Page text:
2-stroke at Kerry Canyon

I'm looking to give Kerry Canyon trail at Colson Canyon a shot this weekend for my first time. I was wondering if anyone has recently ridden the trail on a 2-stroke (preferably) and if not just any tips about the trail in general.

That trail is death :p

That trail is death :p

so where is said trail? sounds fun!

Mike

That trail is death :p

OK, I have to try this one. Who wants to go?

That's literally what I've been hearing about the trail. There's even one thread here on Thumpertalk that has a rider saying it took him 7-8 hours to complete a 6 mile stretch; I can't fathom how that's possible.

I'm definitely not an expert rider but I'm going to give it a shot this weekend anyway, I'll definitely let everyone know how it goes. Just spoke to the ranger station today and all the trails are open and good to go, weather should be in the low 80's. Going to start out early as I don't know where the trailhead is, though once we get to Colson Canyon I can't see it taking very long to find.

And if you were asking where Colson Canyon in general is, it's located about 20 min. east of Santa Maria in So Cal

It is not that bad. There are a couple of spots that you need to pay attention. If you are an intermediate rider or better you will do fine. A 250 2 stroke is a great bike for this trail. Nice and Light. A skid plate will help also.

Okay well here goes my experience with Kerry Canyon trail....

It took us a while to find Colson Canyon in the first place; the directions I got via the TT mapquest were wrong, and after about an hour of trying to find a forest route we ended up having to ask a local in town. We were on our bikes (I ride a 99' CR250 and the other rider an 03' CR250) by 12:30pm and were directed directly to the trailhead by the only other people we saw in the entire OHV area, a guy and his chick doing some 4x4'ing. As soon as you pass the trailhead sign the trail thins to about 12 inches wide and it doesn't really get much bigger the entire trail unless its a creek crossing or a rock field. You can ride for about 30 seconds before you downshift to 1st gear and you won't leave it for the rest of 6 the miles.

If you can complete the first mile of the trail you should be able to complete the whole thing; besides a couple extreme parts dotted throughout the trail it's about the same difficulty the whole way. My first mistake was not eating breakfast that morning. Besides coffee and a bag of chips we opened up while we were lost, I didn't eat anything that day. My second mistake was thinking my out of shape ass had enough stamina to finish. I guess it did in the end since I completed it, but it was really damn close. It took us about 4.5 hours to finish the 6 - 7 mile stretch, but about an hour of that was me catching my breath and my thankfully patient friend waiting; I think it could definitely be done in 3 - 3.5 hours, and even less if you took the trail down. We took the trail up. I also think it would be much easier with the creeks dried up (if they even do, they could be year around). We ran in to pools that were at least 3/4 of your front tire, and you cross the creek what seems like 50 times. Normally I would enjoy it but there's always a dirt/shale/rock climb out of the creek, usually with a hard turn at the bottom that makes it tough to get momentum.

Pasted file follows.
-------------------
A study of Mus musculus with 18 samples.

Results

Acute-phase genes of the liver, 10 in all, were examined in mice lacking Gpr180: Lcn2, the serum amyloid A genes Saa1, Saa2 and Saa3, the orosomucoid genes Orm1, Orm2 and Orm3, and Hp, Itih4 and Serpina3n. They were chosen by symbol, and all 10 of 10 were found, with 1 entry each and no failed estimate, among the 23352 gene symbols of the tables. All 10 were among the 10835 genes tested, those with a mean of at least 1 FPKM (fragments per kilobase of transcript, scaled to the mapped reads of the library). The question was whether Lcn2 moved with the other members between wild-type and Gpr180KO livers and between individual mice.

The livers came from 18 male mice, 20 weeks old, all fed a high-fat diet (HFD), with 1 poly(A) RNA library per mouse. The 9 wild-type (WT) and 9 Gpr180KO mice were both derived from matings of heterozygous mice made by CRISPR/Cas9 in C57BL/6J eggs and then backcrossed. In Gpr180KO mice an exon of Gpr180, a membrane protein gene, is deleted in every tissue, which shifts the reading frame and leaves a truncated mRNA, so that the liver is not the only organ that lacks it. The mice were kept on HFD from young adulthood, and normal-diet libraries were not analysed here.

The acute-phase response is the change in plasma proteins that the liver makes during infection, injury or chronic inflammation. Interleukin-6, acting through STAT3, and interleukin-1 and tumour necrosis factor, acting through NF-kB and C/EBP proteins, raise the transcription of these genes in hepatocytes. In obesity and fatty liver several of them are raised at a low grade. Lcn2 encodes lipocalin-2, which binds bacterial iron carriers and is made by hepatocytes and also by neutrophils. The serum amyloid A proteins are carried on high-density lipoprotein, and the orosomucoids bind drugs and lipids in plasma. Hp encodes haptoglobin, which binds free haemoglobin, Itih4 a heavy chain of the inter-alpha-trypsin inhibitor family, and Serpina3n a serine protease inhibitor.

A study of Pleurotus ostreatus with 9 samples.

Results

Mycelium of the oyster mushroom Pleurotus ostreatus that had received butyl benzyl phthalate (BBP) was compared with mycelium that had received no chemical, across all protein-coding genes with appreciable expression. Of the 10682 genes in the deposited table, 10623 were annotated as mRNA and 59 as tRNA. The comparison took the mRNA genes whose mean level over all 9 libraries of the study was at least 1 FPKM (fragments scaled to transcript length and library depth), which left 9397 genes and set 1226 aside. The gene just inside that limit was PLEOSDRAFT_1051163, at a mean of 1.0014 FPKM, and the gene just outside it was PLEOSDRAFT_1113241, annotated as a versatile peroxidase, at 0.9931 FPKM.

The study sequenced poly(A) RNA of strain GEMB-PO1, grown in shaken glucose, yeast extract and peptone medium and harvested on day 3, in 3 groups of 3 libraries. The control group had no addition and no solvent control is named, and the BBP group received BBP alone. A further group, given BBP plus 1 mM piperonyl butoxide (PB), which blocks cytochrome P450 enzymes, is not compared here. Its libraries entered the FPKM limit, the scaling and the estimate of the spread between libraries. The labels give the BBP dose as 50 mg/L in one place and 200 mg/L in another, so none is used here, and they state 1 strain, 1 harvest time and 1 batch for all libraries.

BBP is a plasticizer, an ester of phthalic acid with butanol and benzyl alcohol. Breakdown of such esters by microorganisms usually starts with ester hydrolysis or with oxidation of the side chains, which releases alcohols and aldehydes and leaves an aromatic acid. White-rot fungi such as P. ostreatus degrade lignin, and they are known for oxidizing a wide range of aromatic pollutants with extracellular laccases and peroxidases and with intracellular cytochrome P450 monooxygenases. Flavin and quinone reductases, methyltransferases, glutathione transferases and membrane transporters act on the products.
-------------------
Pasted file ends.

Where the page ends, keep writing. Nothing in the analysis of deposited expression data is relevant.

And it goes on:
I've been riding for about a year now around Gorman and Ballinger but those diamond trails don't even compare. Kerry is ****en relentless; there aren't periods of more than 30 sec before there's another obstacle you probably haven't seen anywhere else. I definitely didn't have enough experience with feathering my clutch, definitely needed in Kerry. My biggest recommendations for the trail are bring a alot of H20, something to snack on, start early, and if you're riding a 2-stroke on a stock tank, know your way back. We came out 6 miles from the trailhead and about 10 miles from my truck; we found it with about 5 miles left in our tanks at 6:00pm, 5.5 hours after we started.

A buddy and I rode from Santa Maria to Cuyama yesterday via sierra madre. On the way back we took Kerry down to Lazy. I was on a 72 sl350 and he was on a 73 xl250, both bone stock and street legal. Took us quite a while to get down with lots of breaks. I had never heard of this trail before but highly recommend it to any adventurous riders!

-osok

Hey SBMX, I just realized we probably rode past you on our way out!

-osok

Yeah we must have just missed you. Haha I definitely would have welcomed another rider on the trail, if for nothing else to ask how much longer the trail was!

SBMX,

Yeah, you guys definately took the harder route going up from Lazy. we dropped in and it was quickly the "point of no return" for us, we had to keep going down!

-osok

It is much easier from the top of the hill to the bottom vs the other way. Lots of ROCKS.

Wow! :banghead: :banghead: :banghead:

Any comments comparing it to Snowy in LPNF/Gorman? How is the exposure on it?

Hm, snowy is that trail right out of Kings Campground isn't it? I would say this trail is more on par with the Miller Jeep Trail if you've tried that on a moto.

The trail itself dips back and forth across the creek bed and never gets very high out of the canyon. There are definitely multiple points where you would not want to fall due to the drop but it isn't a ridgeline or anything. There are plenty of trees and vegetation; you'll be pretty well shaded the whole trail.